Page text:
Sinister side of Scottish nationalism rears its ugly head

The strains of the election campaign rose to the surface in the latest set-to between the Scottish party leaders.

The exchange, on BBC’s Sunday Politics, was shouty and bad tempered, with little constructive debate to help voters make up their minds.

This is politics, though, and what we’d expect with polling day in under a month and the bitter divide between separatists and unionists in Scotland still very much to the fore.

But away from the television studios, a far uglier spectacle is unfolding on the doorsteps of the most closely contested constituencies.

The Shadow Scottish Secretary, Margaret Curran, has been subjected to Nationalist thug tactics as she canvasses Glasgow East in a bid to be re-elected.

As was reported in a Sunday newspaper, she is being ‘hunted’ — to use the SNP activists’ own term — by a pair of Nationalist zealots, who film her and shout abuse as she talks to constituents.

The SNP candidate in the seat, Natalie McGarry, has defended her comrades’ actions as ‘community justice’, a sinister new phrase in the Nationalist lexicon, used to defend bully boy antics.

Curran is a seasoned campaigner and has withstood the cut and thrust of the Commons for five years, but voters who open their doors to the MP are also being targeted by the Nationalist agitators, as are other canvassers.

This is not electioneering in the accepted sense, whereby politicians try to unpick each other’s policies. This is an attack on people for holding the ‘wrong’ views and an attempt to coerce them into silence.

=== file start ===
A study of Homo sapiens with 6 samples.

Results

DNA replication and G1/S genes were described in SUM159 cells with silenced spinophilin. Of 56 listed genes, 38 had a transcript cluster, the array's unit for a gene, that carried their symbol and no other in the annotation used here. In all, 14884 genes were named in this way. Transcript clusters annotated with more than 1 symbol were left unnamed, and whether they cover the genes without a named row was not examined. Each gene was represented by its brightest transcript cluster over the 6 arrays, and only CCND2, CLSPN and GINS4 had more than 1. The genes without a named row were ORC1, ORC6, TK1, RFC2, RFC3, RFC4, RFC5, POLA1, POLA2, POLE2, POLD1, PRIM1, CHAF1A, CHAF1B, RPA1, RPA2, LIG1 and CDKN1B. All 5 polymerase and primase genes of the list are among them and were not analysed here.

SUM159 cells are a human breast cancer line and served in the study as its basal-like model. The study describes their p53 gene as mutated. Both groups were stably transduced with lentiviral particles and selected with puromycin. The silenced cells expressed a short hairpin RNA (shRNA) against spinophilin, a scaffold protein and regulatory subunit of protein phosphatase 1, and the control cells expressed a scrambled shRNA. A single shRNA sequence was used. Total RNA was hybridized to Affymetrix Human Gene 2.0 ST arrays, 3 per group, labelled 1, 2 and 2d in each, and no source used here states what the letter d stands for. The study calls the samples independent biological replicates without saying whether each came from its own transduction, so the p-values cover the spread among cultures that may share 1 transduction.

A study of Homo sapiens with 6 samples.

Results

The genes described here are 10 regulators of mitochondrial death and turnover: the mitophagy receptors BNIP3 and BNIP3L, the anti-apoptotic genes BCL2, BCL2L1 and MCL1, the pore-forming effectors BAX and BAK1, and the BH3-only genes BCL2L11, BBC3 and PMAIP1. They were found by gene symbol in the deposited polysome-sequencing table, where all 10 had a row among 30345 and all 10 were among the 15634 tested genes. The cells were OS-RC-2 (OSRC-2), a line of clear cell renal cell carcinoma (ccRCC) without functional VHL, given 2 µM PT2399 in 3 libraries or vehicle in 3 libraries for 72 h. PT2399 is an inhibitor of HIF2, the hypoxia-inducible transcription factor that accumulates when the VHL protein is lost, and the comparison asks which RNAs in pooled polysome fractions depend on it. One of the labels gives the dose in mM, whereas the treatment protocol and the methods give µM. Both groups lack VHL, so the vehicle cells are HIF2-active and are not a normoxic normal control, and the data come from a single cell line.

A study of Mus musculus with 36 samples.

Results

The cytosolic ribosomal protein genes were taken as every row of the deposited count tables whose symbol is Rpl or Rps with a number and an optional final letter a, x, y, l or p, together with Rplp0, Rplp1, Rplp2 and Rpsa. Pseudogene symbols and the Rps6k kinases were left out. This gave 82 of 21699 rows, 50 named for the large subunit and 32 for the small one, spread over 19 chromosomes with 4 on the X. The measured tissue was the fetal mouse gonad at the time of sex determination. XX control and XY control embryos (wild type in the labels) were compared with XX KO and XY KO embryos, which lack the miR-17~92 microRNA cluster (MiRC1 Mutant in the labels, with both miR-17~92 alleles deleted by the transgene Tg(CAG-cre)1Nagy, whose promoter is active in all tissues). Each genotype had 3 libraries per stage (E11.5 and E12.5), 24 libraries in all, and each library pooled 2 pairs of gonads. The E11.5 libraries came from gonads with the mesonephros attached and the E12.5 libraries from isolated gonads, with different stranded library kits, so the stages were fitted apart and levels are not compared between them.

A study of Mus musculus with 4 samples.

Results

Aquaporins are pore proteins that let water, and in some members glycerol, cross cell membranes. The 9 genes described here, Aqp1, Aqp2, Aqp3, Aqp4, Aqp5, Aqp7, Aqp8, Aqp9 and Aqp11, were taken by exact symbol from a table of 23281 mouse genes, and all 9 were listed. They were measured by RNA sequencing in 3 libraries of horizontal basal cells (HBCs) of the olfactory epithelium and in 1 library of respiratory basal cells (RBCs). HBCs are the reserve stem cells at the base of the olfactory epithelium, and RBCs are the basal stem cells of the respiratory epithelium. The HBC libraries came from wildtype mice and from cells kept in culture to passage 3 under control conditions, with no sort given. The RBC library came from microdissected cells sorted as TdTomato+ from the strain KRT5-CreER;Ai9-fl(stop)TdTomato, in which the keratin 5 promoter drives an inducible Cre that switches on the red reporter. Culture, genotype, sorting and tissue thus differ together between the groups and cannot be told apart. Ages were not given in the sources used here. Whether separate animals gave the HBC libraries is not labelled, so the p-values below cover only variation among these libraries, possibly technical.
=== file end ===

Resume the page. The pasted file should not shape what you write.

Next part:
On Friday, the Labour and Conservative offices in Aberdeen were vandalised, the latter with a swastika and the letter ‘Q’ (after the Norwegian World War Two traitor Vidkun Quisling) — an echo of last summer, when ‘No’ billboards from Perth to Dundee were defaced and destroyed.

Scots have not been able to escape the battle lines of the referendum during this general election, and the rules of engagement, as established by the furthest reaches of secessionist extremism, remain the same.

The bile of the cybernats, which came to dominate the run-up to last September’s ballot, was always suspected to be more than the work of a few disturbed mavericks, and recent episodes suggest there is indeed an SNP culture which encourages hate-fuelled rage against any opponents.

A young woman, Dawn Rodger, who voiced her support for the Scottish Labour leader Jim Murphy after one of the televised Scottish debates, was accused of being a Labour plant by the Nationalist MSP, Christine McKelvie. Miss Rodger said she had to deactivate her Facebook account afterwards, so bad was the abuse.

Such intolerance would shame a nascent democracy but in Scotland, birthplace of the Enlightenment, we have had to get used to it.

Visitors north of the border, however, are still shocked. Faisal Islam, Sky’s political editor, said an SNP supporter at a rally in Aberdeen in December had questioned his suitability to report on the event because he wasn’t Scottish.

Nicola Sturgeon is quick to condemn the racism in her ranks but this is by no means the first time that Scottish Nationalists have challenged people’s right to be in the country.

In 2012, the novelist Alasdair Gray accused Vicky Featherstone, then head of the National Theatre of Scotland, of being a ‘colonist’,

And even Scots returning home to work — Andrew Marr, Jim Naughtie and Sarah Smith — have been the victims of their secessionist countrymen’s fury for taking prominent BBC roles here. Faisal Islam’s colleague, Niall Paterson (a Scot), was called a quisling.

How can a party that purports to want increased immigration to Scotland justify these xenophobic outbursts?

There are elements of nationalism within the SNP that bear a grim similarity to historical nationalist movements in their anti-democratic conviction that they alone have the right to speak.

The more benign face of Scottish nationalism has managed to prevail — just — through tight party discipline and the remnants of an old guard uncomfortable with such nonsense.

But it is not enough for Sturgeon to distance herself from the frightening fringes of her party. She must confront the bullies and expel them if they are members; they darken not only the SNP’s reputation but Scotland’s.